In 1974, Lloyd “Fig” Newton became the first black person to perform as a pilot with the U.S. Air Force Aerial Demonstration Team, the Thunderbirds. He took the opportunity left by others who flew in World War II and used it to his advantage. Newton held several positions with the elite performance group including advance coordinator, narrator, slot pilot and right wing.
Newton was a native of Ridgeland, South Carolina. He graduated from Jasper High School in 1961. And later earned a bachelor’s degree in aviation education from Tennessee State and master’s degree in public administration from George Washington University. He also completed three military post-graduate courses.
The nickname “Fig” was bestowed on the general during his senior year of college by a classmate, Howard Baugh, the son of the ROTC detachment commander at Tennessee State.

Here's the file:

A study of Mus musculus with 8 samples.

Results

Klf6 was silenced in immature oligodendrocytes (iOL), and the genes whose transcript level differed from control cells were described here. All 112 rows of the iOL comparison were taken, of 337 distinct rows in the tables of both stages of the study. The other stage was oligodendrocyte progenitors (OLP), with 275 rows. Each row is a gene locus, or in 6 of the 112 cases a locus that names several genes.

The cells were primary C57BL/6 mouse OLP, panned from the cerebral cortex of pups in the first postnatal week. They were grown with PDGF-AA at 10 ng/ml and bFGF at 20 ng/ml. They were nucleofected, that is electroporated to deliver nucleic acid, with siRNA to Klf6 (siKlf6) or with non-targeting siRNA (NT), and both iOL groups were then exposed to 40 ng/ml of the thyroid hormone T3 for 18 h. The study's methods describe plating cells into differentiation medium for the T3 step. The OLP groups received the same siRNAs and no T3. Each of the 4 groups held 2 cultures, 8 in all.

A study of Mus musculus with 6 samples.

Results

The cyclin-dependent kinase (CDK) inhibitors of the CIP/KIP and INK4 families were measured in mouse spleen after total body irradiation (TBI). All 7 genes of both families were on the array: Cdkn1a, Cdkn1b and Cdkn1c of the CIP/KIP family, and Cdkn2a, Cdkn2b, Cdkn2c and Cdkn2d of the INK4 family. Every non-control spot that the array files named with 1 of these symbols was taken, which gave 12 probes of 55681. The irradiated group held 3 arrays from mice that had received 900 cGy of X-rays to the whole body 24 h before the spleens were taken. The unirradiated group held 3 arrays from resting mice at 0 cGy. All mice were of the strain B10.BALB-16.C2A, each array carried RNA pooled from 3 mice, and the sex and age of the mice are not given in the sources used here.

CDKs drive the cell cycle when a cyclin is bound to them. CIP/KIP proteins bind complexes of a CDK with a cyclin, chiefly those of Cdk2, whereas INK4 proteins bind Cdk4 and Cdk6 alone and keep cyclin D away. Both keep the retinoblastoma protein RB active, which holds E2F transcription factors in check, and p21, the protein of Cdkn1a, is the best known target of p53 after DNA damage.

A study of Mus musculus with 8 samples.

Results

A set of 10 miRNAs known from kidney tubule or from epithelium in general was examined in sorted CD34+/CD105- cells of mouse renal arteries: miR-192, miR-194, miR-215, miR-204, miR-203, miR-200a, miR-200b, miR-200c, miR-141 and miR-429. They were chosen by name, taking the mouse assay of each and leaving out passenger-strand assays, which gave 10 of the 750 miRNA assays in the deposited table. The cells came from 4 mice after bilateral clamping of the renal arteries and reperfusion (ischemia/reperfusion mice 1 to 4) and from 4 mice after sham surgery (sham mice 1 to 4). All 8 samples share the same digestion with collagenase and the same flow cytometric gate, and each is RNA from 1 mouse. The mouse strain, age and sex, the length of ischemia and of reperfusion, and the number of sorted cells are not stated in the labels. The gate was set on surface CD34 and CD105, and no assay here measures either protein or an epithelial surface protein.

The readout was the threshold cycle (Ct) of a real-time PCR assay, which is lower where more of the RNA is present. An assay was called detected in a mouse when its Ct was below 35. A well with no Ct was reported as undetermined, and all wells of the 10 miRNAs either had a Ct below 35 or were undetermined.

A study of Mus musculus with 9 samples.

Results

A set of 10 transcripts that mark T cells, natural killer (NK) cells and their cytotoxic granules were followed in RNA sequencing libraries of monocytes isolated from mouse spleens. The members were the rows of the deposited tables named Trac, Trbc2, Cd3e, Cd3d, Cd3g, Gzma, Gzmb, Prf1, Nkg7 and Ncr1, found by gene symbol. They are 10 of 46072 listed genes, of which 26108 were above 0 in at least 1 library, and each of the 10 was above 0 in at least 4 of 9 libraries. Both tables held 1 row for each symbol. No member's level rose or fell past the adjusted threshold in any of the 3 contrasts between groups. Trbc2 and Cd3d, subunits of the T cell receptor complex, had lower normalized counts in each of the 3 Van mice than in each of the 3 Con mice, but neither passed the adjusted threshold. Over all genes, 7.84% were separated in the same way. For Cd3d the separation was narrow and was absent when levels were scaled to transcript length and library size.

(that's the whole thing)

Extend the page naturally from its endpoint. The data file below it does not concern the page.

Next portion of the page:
General Newton completed pilot training at Williams Air Force Base in Arizona in 1967. He was assigned to George Air Force Base shortly after to undergo training in the F-4 Phantom preparatory to serve in Vietnam. During the Vietnam war, Newton flew 269 combat missions, including 79 over North Vietnam from Da Nang Air Base. After his tour was complete, he was assigned to the 405th Tactical Fighter Wing, at Clark Air Base in the Philippines. He returned to the United States in 1974, he became an instructor in F-4s at Luke Air Force Base, Arizona and then one of the legendary Thunderbirds.
At the completion of his tour with The Thunderbirds, General Newton transitioned with F-16 fighters at MacDill Air Force Base, Florida. He was later assigned to the 8th Tactical Fighter Wing, Kunsan Air Base, South Korea, as assistant deputy commander for operations. General Newton was a command pilot with more than 4,000 flying hours. He commanded the 71st Air Base Group and 71st Flying Training Wing. He was decorated with the Legion of Merit wit oak leaf cluster, Distinguished Flying Cross with oak leaf cluster, and several others.